I usually start a series of lectures with the following phrase, ‘My name is Mark, and I am a reflective practitioner’. This is done not just to introduce myself to the students, but to make the point that ‘reflection’ is a pervasive ingredient in my approach to the learning and teaching dynamics.
In practical terms, this means that I give careful consideration or thought to my teaching and students’ learning. Essentially, I adopt an analytical approach to teaching, which involves examining, framing, attempting to solve the dilemmas of the classroom and questioning my assumptions, values and beliefs about teaching. It also involves taking part in curriculum development, being involved in changes occurring in the university and, taking responsibility for my own continued professional development. It is this analytical approach to teaching and learning (facilitated by reflection) which results in my continued professional development i.e. the building of practical or work-related knowledge.
How do I build practical or work-related knowledge via reflective teaching?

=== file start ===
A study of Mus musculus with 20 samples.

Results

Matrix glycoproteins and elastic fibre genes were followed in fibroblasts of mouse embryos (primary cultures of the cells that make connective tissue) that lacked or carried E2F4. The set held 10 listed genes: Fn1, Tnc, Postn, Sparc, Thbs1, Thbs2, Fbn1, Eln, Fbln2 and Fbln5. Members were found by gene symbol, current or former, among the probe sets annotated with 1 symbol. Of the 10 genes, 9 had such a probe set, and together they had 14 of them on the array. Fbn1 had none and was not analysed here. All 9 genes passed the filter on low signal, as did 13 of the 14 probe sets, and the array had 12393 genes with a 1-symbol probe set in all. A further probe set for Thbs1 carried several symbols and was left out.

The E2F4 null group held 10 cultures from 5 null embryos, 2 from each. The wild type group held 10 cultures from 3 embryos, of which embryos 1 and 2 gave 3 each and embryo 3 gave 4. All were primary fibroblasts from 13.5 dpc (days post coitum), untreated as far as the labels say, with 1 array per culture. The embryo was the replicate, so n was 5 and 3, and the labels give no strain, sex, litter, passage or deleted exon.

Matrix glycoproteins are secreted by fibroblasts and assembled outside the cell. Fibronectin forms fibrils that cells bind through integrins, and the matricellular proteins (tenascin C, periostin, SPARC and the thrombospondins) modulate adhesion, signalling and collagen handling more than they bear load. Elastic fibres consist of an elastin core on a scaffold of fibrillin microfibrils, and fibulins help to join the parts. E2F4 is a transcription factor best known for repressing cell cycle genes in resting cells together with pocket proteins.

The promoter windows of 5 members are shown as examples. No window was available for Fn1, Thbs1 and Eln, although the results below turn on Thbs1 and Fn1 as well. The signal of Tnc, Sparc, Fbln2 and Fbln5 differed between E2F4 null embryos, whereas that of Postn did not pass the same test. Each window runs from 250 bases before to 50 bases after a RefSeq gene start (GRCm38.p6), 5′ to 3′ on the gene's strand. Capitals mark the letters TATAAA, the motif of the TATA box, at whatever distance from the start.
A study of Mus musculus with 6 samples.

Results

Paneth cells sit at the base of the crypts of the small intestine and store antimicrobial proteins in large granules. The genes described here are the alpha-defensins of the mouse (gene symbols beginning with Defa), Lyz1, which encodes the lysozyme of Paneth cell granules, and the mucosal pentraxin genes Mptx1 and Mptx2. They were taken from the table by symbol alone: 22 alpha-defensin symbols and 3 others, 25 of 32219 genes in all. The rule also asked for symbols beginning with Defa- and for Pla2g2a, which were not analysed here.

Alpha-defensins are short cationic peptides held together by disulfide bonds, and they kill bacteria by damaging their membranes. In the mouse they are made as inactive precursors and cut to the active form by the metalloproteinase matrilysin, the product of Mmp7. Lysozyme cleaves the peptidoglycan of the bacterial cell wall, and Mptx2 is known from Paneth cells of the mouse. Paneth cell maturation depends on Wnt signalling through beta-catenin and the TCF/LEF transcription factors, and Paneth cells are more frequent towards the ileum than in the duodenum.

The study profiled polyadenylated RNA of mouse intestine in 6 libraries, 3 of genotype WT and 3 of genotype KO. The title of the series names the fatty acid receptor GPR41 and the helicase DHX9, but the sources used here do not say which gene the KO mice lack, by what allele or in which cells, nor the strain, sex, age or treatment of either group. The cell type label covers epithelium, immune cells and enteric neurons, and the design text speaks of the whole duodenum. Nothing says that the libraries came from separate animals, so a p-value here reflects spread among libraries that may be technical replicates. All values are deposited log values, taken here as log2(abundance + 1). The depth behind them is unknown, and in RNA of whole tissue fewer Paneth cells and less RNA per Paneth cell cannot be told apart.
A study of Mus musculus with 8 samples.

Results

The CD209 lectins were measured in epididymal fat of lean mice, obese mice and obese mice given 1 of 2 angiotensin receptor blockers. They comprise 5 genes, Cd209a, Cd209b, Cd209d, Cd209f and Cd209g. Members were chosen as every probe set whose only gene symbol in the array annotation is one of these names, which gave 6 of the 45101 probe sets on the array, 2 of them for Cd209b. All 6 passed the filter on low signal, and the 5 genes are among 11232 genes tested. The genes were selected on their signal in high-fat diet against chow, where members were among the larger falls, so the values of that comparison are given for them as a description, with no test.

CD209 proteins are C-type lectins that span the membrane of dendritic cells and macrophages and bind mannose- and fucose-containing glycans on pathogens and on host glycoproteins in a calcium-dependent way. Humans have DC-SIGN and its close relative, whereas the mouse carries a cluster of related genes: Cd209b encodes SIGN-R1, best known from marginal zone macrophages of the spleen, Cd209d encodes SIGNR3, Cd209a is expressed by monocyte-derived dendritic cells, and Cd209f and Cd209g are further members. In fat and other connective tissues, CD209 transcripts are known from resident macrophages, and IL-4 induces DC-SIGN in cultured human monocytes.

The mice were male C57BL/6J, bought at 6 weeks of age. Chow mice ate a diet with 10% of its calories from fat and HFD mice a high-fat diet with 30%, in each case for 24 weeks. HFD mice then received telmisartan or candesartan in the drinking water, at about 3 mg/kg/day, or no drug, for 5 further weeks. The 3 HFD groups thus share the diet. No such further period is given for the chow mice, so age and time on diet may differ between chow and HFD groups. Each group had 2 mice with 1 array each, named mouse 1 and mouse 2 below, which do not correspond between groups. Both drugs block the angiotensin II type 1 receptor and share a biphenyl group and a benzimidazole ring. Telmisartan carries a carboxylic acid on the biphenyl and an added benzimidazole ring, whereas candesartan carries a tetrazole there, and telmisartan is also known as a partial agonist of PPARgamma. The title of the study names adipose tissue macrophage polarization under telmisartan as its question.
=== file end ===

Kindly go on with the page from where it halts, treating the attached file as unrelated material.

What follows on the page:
As a reflective practitioner, I build practical or work-related knowledge via reflective teaching in a number of ways. I will highlight only three for your attention.
1. Oft times, employing reflection-on- classroom episodes lead me to consult research and apply solutions which address various students’ needs such as dealing with culturally diverse students and those for whom English is not their first language. The reflective process and subsequent actions arm me with new knowledge regarding teaching students with diverse needs which I have applied to future teaching episodes.
2. Secondly, carrying out reflection-in-action which involves critically thinking ‘in the thick of things’ results in my use of higher order thinking skill such as analysing teaching situations, difficulties students are experiencing thus being able to synthesize a solution. This process always reinforces my knowledge of various aspects of learning.
3. Thirdly, reflecting-on-collaborative exercises carried out with colleagues lead to the development and further reinforcement of knowledge about what is required to work with others to achieve specific goals. For example, there is the need to be dependable and committed to completing assigned tasks and the need to develop good interpersonal relational skills.
I am of the opinion that the building up of practical or work-related knowledge via reflective teaching will aid you in developing self-awareness and knowledge through personal experience. More importantly, the honing of these skills via reflection will aid you in your role as an autonomous professional taking greater responsibilities for your own professional development.